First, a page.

By Yang Yang | chinadaily.com.cn | Updated: 2017-09-11 16:09

Li Xiaoxia, left, founder and CEO of Beijing Koboro Health Science and Technology, talks with Yang Song, product director of Koboro, in Beijing on Sept 6, 2017. [Photo/chinadaily.com.cn]

Having a clear picture about one's own health and control over one's overall health management - including prevention and prognosis - is a dream of many people, especially when it takes hours to register for a five-minute doctor's visit.

"Artificial intelligence (AI) makes it possible for people to receive a checkup in offices and receive medical advice online, which can lead to a revolution of the healthcare industry in China," said Li Xiaoxia, founder of Beijing Koboro Health Science and Technology.

A Beijing-based tech startup, Koboro has developed an app called "Daxia Health" which uses a combination of artificial intelligence and machine learning to provide medical services, according to Li.

"The AI technology-supported 'Daxia Health' application can help analyze and process large amounts of health data collected from the clients and give precise, individualized recommendations which are checked by human doctors to guarantee accuracy," Li said.

The technology can greatly improve efficiency for both doctors and patients and transform the healthcare industry, added Li. She has recently been rated as a top 10 female entrepreneur in tech in a report released by Ali Research Institute, China Entrep Mulan Club and Alibaba Innovation Center.

Big companies like Google, Microsoft and Alibaba have started to tap into the AI-powered medical care market in recent years, Xinhua reported.

"Although healthcare big data systems are still in their infancy across the world, China has an opportunity to take a leading role. China's increasing senior population provides a large amount of data," Li said.

China had more than 230 million people aged 60 or above at the end of 2016,16.7 percent of the total population, according to the Ministry of Civil Affairs. Elderly people in China are expected to account for about one quarter of the population by 2030, Xinhua reported.

"All the products of Koboro are based on fundamental needs of doctors and use the 'Internet Plus healthcare' model to achieve the ultimate goal of helping clients stay healthy in a full life cycle," product director Yang Song said.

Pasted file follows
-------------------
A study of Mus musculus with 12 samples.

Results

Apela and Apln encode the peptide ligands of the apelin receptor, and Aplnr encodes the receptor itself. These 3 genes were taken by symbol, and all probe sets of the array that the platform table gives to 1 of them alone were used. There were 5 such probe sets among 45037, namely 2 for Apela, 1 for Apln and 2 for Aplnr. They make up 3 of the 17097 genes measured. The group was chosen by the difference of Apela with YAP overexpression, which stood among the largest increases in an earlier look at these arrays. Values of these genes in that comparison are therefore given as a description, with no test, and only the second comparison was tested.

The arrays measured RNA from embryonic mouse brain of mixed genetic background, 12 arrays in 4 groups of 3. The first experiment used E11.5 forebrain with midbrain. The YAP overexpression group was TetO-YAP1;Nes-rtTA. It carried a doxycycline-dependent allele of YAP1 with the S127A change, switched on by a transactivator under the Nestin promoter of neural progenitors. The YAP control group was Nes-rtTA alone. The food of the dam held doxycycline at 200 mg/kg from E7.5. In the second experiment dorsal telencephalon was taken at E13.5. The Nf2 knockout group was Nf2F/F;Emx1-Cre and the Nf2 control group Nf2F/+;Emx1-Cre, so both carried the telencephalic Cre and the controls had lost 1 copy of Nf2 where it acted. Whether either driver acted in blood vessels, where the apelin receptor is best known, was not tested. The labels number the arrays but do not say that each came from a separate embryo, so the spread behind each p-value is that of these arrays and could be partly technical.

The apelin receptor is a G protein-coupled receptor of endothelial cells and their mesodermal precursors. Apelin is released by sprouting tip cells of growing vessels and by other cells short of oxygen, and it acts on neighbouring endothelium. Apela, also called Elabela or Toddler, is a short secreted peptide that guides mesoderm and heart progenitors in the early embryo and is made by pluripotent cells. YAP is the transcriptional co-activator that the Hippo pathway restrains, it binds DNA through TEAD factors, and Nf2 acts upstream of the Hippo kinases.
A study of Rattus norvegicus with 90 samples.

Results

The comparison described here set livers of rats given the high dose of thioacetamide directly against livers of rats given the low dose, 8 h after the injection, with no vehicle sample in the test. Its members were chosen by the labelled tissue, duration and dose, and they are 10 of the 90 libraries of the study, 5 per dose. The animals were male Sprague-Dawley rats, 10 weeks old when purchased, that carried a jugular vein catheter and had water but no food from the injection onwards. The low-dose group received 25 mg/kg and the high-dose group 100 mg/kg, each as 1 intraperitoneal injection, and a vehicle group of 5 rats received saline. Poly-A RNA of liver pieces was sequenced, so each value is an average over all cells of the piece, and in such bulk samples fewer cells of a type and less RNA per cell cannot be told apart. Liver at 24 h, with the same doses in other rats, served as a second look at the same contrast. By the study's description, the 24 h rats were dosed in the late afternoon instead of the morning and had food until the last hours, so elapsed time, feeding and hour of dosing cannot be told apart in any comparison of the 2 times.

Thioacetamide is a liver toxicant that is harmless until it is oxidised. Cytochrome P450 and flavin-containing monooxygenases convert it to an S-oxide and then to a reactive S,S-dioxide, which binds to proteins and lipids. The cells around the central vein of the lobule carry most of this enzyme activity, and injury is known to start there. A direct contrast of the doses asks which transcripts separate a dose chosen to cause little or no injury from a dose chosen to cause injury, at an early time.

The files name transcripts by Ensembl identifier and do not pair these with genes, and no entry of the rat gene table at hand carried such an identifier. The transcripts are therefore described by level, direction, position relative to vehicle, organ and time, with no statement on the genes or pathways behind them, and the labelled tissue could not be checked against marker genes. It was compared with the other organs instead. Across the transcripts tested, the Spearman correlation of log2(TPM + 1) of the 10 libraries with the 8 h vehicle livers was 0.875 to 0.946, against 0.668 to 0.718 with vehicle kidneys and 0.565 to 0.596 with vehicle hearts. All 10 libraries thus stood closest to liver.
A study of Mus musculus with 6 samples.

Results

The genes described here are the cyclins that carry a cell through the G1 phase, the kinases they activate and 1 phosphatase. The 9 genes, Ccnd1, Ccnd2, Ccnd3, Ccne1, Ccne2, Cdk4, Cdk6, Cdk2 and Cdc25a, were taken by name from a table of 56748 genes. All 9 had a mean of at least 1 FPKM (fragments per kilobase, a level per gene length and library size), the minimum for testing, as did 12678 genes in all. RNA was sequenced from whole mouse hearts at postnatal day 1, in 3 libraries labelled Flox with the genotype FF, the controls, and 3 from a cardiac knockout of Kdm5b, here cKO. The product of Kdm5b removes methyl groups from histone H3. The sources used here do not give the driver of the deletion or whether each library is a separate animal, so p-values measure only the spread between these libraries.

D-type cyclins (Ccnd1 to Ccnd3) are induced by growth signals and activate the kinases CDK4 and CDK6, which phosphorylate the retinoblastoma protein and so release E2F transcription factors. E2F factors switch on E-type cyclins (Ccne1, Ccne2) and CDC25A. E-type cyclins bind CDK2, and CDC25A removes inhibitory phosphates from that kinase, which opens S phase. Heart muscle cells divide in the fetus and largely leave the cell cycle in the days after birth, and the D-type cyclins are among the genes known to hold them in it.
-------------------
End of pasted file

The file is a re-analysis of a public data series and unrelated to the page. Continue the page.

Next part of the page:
Koboro divides clients' life cycles into 13 stages from a half year before birth to more than 90 years old. Clients at different stages can receive professional medical suggestions, running the gamut from Western medicine to traditional Chinese medicine, Li said.

Liang Wei, a health management doctor at Koboro, displayed a health report of a 26-year-old female whose "body age" is about 51 years old.

"Based on this person's health check and basic information, the AI-supported system can predict the risks for her to get certain diseases. Our health management team, including sports specialists and nutritionists, can give detailed recommendations to prevent these diseases," Liang said.

The recommendations could be so detailed that the client would know the hours she should walk, the number of steps to walk each day for exercise and the kinds and amounts of food she should eat, Li said.

Li Xiaoxia said the profit rate of Koboro was between 30 and 40 percent in the first two years after its establishment in 2012. She has invested recent years' profits in AI-supported systems and relevant products.

Li, who is confident in the future of Koboro, said the profits can be in the tens of millions or even several billion in the future, as internet healthcare can generate profits from various channels, such as health management services and healthcare products.

Inspired by her father, who used to be a barefoot doctor, Li also wants to have a close relationship with patients by being there whenever they need support. This is difficult when people are busy and fly to different places.

"Thanks to developments in data, AI and internet technology, it is possible to standardize the process to prevent and control chronic diseases and establish a healthcare platform online to benefit more ordinary people in China," Li said.

The great business opportunities emerging in the industry in China also come from the Chinese government's support, Li added.

In Oct 2016, Chinese authorities released "Healthy China 2030", a blueprint that aims to improve the health of the people. The blueprint covers areas such as public health services, the medical industry and food and drug safety, China Daily reported.

This document is not only the first national-level medium- to long-term strategic plan in the health sector since 1949, but also demonstrates the political commitment of China to participate in global health governance and fulfill the United Nation's Sustainable Development Goals agenda, according to the World Health Organization.